The New York Times filed this report on the arrest of two men in Seattle:
Federal law enforcement officials have arrested two men who they say planned to attack a military processing center here using machine guns and grenades.
The men — Abu Khalid Abdul-Latif, also known as Joseph A. Davis, 33, of Seattle, and Walli Mujahidh, also known as Frederick Domingue Jr., 32, of Los Angeles — were arrested late Wednesday and charged with conspiracy to murder federal officers and employees, conspiracy to use weapons of mass destruction and several firearms-related charges.
The article is accompanied by a mugshot of Abdul-Latif/Davis who has a rather distinctive and heavy beard. Oddly, what follows is about as close as the Times report gets to describing the motivations of the two men:
The 38-page criminal complaint filed against the two suggested that they had not made final plans to carry out the alleged plot. They were frustrated, it said, by American war policies and discussed how to make an attack last as long as possible in order to get the most media attention for their actions.
The Times report even goes on to include a lengthy reference to the incident last November where Somali-American teenager Mohamed Osman Mohamud was arrested for allegedly trying to detonate a bomb at a Christmas tree lighting in Portland, Oregon. Both of these incidents have heavy Muslim terrorism overtones, yet the New York Times makes no references to religion at all in the story. Why?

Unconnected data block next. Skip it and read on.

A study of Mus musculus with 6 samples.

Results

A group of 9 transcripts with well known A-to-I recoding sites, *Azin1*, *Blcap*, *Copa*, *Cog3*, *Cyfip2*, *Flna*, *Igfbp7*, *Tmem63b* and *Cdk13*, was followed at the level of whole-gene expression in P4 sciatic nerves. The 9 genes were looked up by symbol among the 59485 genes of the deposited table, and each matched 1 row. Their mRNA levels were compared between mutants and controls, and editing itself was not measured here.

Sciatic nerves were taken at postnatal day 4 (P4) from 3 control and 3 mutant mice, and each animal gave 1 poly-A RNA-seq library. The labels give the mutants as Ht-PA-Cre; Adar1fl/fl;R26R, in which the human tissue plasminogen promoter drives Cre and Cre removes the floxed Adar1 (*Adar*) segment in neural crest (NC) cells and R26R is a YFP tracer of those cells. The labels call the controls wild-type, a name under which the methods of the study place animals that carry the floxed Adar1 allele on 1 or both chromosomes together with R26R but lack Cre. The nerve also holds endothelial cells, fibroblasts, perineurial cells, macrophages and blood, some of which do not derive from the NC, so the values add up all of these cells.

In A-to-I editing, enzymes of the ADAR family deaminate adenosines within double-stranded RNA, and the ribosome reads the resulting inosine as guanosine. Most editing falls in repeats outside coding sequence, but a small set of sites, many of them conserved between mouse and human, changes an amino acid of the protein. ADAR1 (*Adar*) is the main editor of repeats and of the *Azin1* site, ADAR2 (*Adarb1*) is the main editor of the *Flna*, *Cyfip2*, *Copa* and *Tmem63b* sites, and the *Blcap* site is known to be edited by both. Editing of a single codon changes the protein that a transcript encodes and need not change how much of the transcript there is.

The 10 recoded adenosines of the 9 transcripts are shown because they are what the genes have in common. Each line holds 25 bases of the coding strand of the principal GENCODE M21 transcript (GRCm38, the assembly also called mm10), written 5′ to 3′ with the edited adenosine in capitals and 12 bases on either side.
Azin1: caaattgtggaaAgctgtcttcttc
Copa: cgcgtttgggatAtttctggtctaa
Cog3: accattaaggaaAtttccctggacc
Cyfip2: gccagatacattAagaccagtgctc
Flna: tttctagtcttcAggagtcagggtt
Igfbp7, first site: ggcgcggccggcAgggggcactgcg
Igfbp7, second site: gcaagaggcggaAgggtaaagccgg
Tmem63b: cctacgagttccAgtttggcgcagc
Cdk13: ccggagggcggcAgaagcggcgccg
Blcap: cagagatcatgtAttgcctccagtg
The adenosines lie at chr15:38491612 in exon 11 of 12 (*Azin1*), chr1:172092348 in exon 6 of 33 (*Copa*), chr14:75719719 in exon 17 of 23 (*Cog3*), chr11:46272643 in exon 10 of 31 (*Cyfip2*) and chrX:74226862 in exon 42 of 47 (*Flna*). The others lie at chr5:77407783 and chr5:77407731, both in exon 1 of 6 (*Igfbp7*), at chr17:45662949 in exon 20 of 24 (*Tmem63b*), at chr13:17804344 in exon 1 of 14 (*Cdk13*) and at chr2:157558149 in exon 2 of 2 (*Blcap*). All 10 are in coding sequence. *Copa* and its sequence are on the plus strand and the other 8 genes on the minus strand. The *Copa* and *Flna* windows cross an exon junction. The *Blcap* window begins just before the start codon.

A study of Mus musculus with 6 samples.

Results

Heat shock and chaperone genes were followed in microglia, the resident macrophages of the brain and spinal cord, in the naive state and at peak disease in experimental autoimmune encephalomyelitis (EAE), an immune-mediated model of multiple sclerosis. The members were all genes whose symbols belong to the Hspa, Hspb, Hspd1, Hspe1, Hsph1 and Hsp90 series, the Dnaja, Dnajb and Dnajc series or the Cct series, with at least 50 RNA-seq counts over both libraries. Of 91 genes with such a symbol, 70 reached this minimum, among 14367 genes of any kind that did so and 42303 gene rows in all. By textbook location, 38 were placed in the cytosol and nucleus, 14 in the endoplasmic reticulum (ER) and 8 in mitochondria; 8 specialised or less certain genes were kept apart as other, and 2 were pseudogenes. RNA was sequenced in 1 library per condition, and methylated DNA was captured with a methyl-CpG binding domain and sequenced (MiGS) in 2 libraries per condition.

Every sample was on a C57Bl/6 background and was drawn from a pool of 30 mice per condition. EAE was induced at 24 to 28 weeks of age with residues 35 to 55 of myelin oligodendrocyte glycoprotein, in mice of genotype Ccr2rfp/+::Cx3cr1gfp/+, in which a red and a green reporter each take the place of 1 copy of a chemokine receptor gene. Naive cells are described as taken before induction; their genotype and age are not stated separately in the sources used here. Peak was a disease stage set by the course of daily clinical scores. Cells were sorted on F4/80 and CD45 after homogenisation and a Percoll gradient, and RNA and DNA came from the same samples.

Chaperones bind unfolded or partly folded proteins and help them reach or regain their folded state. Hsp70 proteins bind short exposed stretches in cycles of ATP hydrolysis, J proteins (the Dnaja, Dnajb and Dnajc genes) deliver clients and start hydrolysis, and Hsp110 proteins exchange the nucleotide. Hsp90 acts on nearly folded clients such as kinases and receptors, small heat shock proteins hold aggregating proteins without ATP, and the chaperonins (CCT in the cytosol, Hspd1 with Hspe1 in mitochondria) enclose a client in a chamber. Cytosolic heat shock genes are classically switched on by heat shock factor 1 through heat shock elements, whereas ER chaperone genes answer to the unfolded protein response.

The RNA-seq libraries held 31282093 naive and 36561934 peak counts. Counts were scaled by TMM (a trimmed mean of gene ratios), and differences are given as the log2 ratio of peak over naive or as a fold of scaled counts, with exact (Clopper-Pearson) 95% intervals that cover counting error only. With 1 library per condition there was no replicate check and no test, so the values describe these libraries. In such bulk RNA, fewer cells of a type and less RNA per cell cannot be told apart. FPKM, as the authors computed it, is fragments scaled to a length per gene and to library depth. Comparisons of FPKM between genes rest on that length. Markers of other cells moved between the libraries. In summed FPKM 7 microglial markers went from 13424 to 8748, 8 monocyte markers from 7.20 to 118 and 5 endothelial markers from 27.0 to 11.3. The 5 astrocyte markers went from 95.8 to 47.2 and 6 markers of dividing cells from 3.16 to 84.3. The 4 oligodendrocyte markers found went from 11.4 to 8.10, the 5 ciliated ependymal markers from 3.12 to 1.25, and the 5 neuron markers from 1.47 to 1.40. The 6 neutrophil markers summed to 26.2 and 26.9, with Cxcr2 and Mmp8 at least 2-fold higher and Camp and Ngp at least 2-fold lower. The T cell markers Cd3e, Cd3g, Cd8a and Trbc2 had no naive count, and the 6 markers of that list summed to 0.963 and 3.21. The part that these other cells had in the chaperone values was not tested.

A radical Muslim, Abdul-Latif said he admired Osama bin Laden and was upset about alleged atrocities committed by U.S. soldiers in Afghanistan, according to a federal complaint.
"In his view, murdering American soldiers was justifiable," the complaint stated. "He wanted to die as a martyr in the attack."
The Seattle Times also notes that Abdul-Latif had twice tried to kill himself, had a history of "hearing voices" and was currently under economic duress. Certainly, all of that should be taken into account when considering his motivation. It seems these factors could be as much or more to blame for motivating his alleged crime as his religion. And we do learn more about those religious views. We get specific quotes about his thoughts on killing non-Muslims and details about his conversion nine years ago. We learn about his search for a second wife, even. It makes the other reports that shied away from mentioning his religion altogether, let alone his admiration for Bin Laden, mystifying.
The New York Times actually has to make an effort not to include such a glaringly relevant detail, and their approach ends up making the story almost confusing. Frustrated by "American war policies"? So were these men anti-war activists or something? What possible reason could The New York Times have for omitting this information?
Some reports were so lacking in key details that it upset editors. Check out this editor's note appended to an Associated Press report:
Editor’s Note: Nowhere in the original copy of this story does it mention these two suspects are Muslim. In the interest of full disclosure, I feel it is only fair to you -- the reader -- to know these suspects are followers of radical Islam. (Chace Murphy)
This is an interesting example of how local and national media tell stories so differently.